In a new ranking of how Americans see 100 prominent figures–from government, business, sports, religion, and entertainment–Emma Watson sits 46 places higher than Donald Trump. For millennials, the difference is even more extreme: Watson, an activist for women’s rights who delivered a powerful viral speech on the issue at the UN, ranks fourth. Trump ranks 91st, just above Vladimir Putin and Kim Jong-un.
Enso, the creative agency that made the list, sees it as evidence of a change in how leaders get power. “I think it’s this epic shift that we’re seeing, from leadership being defined by wealth, status, and rank, to leadership being about inspiring people around greater values,” says Sebastian Buck, cofounder of Enso. “Young people, in particular, are demanding that shift.”
Enso worked with the polling and research firm Quadrant Strategies to survey 6,000 Americans in February about their impressions of significant leaders, from Pope Francis to Tim Cook. Each respondent talked about how aware they were of the leader’s purpose or mission beyond making money, whether that mission aligned with their own values, if they’d openly support that mission, and–if it applied–if they’d buy a product or service that the leader sold.
Unsurprisingly, there were political divides. Among Republicans, Trump ranked first. In the overall population, he ranked 61st, far below Obama, who made it into the top 10; among Democrats, Trump ranked 98th. But there were also significant differences in rankings if the list was split by the income of the people taking the survey or by gender or age.
Boomers ranked Tom Brady and Tiger Woods much more highly than millennials did, while millennials gave a higher ranking to Colin Kaepernick, LeBron James, and Steph Curry, all known for taking stands on social justice issues, not just their athletic achievements. Mark Zuckerberg ranked 31 places lower with millennials than with boomers.
“It is striking that Zuckerberg is actually supported less by his own generation than he is by the average American and by older Americans,” says Buck. “I think that is a big problem for him.” As tech leaders have broken the public’s trust on issues like privacy, Buck argues that they need to listen to what the public wants and “not be quite so enamored with their own vision of an optimistic future.” In a previous survey that ranked brands by their inspirational value, Facebook also had a relatively low rank, at 57.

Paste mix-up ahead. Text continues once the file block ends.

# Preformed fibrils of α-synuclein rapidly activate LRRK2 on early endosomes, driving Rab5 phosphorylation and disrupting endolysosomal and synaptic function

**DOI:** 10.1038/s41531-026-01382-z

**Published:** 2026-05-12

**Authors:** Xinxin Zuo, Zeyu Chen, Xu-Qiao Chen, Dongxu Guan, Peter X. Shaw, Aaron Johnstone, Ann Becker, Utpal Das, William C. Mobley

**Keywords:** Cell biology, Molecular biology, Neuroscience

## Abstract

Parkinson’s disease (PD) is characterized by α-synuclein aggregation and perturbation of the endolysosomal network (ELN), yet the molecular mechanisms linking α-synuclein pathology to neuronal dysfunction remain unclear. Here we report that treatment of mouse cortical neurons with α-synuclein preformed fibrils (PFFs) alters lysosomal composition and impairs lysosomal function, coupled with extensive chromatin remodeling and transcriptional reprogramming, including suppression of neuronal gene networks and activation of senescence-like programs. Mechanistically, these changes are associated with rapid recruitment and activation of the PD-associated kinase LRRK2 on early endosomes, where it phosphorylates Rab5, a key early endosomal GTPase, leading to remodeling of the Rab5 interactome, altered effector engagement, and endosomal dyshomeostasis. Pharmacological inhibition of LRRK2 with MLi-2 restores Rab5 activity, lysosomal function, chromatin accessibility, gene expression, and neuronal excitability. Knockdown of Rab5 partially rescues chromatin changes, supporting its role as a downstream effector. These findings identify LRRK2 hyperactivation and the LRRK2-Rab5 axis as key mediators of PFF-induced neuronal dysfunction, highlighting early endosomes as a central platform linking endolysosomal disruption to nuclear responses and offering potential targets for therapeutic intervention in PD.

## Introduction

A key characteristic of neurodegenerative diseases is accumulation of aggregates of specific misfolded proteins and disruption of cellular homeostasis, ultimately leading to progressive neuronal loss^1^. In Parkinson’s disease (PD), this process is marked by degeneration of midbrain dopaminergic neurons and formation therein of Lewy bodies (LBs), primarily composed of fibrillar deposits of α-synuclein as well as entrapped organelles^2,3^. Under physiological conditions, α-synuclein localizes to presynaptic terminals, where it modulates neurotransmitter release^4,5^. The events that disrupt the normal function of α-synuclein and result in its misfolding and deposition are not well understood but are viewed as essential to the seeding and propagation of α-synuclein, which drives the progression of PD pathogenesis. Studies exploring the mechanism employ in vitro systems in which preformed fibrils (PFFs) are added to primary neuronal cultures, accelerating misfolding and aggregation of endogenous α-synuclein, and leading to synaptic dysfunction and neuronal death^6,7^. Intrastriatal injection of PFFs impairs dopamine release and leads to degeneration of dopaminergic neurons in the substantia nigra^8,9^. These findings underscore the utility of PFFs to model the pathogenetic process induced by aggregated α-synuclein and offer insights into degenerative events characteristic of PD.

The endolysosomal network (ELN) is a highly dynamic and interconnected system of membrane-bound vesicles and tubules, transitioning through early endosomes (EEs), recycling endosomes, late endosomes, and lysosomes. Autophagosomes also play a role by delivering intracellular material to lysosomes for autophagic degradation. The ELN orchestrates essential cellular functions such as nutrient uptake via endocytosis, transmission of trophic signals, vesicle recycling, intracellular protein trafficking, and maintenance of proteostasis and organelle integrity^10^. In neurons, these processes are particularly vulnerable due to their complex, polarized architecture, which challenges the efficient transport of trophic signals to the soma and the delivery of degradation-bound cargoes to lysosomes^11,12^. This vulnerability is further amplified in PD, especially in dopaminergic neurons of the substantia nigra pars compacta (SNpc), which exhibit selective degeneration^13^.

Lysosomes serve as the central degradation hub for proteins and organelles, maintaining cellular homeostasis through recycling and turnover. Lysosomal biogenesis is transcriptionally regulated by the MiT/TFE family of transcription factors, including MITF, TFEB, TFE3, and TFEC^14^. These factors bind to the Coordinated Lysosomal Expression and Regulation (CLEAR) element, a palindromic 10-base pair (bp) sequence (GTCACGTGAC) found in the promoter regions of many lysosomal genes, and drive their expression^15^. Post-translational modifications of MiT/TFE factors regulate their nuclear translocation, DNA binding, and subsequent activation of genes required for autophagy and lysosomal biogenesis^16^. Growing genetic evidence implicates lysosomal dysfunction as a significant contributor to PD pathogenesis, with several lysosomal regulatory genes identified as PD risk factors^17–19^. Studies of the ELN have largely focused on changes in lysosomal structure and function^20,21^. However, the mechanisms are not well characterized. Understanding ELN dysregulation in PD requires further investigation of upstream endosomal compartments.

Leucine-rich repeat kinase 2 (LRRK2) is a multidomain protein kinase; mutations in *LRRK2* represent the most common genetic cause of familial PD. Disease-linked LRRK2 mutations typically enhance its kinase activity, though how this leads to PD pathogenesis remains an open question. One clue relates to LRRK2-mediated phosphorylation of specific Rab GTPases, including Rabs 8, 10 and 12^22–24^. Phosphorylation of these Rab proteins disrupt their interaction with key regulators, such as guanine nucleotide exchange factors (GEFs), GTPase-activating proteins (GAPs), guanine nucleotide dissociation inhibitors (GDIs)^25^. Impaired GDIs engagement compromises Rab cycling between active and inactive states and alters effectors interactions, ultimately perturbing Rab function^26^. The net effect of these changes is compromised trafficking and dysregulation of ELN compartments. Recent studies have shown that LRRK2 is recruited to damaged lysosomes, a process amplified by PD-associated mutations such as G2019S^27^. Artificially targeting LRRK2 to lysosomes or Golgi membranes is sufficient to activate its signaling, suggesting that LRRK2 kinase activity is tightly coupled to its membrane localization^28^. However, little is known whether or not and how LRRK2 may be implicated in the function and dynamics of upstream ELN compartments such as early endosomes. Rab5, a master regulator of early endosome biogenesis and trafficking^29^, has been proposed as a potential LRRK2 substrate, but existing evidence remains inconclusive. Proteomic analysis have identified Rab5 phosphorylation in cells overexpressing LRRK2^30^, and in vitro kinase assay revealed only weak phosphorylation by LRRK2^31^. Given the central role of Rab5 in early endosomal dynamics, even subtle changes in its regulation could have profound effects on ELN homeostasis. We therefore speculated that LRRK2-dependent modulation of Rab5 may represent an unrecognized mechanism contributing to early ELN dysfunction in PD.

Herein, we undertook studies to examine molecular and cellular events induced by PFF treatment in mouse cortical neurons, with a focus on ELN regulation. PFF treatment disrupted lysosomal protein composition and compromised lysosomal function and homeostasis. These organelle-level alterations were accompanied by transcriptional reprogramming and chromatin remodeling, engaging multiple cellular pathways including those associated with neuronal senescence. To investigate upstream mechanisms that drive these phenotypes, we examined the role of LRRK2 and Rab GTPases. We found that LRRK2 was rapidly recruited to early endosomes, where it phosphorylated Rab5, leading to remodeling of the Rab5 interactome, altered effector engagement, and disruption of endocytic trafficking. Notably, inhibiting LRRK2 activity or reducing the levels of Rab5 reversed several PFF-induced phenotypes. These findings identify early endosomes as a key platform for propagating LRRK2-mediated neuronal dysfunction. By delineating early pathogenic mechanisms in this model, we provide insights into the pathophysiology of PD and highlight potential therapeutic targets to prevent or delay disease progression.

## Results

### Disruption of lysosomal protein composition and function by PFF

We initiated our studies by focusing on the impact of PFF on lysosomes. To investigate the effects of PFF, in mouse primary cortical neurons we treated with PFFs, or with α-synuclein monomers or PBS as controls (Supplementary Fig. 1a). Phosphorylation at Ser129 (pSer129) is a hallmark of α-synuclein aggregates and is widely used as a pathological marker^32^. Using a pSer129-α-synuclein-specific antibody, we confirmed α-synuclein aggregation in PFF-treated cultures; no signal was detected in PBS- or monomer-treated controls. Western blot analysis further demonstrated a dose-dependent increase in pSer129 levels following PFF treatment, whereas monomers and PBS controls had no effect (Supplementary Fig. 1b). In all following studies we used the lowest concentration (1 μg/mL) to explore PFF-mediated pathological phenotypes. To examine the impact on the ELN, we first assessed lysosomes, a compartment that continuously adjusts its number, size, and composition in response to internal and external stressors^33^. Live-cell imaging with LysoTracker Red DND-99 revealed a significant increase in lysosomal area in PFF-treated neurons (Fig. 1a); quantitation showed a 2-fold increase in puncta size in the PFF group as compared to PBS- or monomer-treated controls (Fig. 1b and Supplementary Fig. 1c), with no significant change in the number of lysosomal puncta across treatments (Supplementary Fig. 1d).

Higher-income respondents in the survey gave higher rankings to Tim Cook and Elon Musk than lower-income respondents. Women gave higher rankings to strong female leaders, while men were more likely to rank Trump and Arnold Schwarzenegger highly. Bill Gates, who is first on the list, was a rare exception in that he ranked highly across divides of politics, gender, income, and age. “He’s an example of somebody who’s built trust by standing for more than just his personal enrichment,” says Buck. Others who made up the overall top 10, including Oprah and the Dalai Lama, are known for their emotional intelligence and leading with their values. Emma Watson, at No. 15, also fits that mold.
Trump represents a “20th-century archetype of leadership where it’s about wealth and status and bragging and self-aggrandizement,” he says. “[Watson’s] model of leadership is about educated talent, and values-oriented leadership, and championing causes greater than herself. I think she represents an emerging archetype of 21st-century leadership that has real emotional awareness.”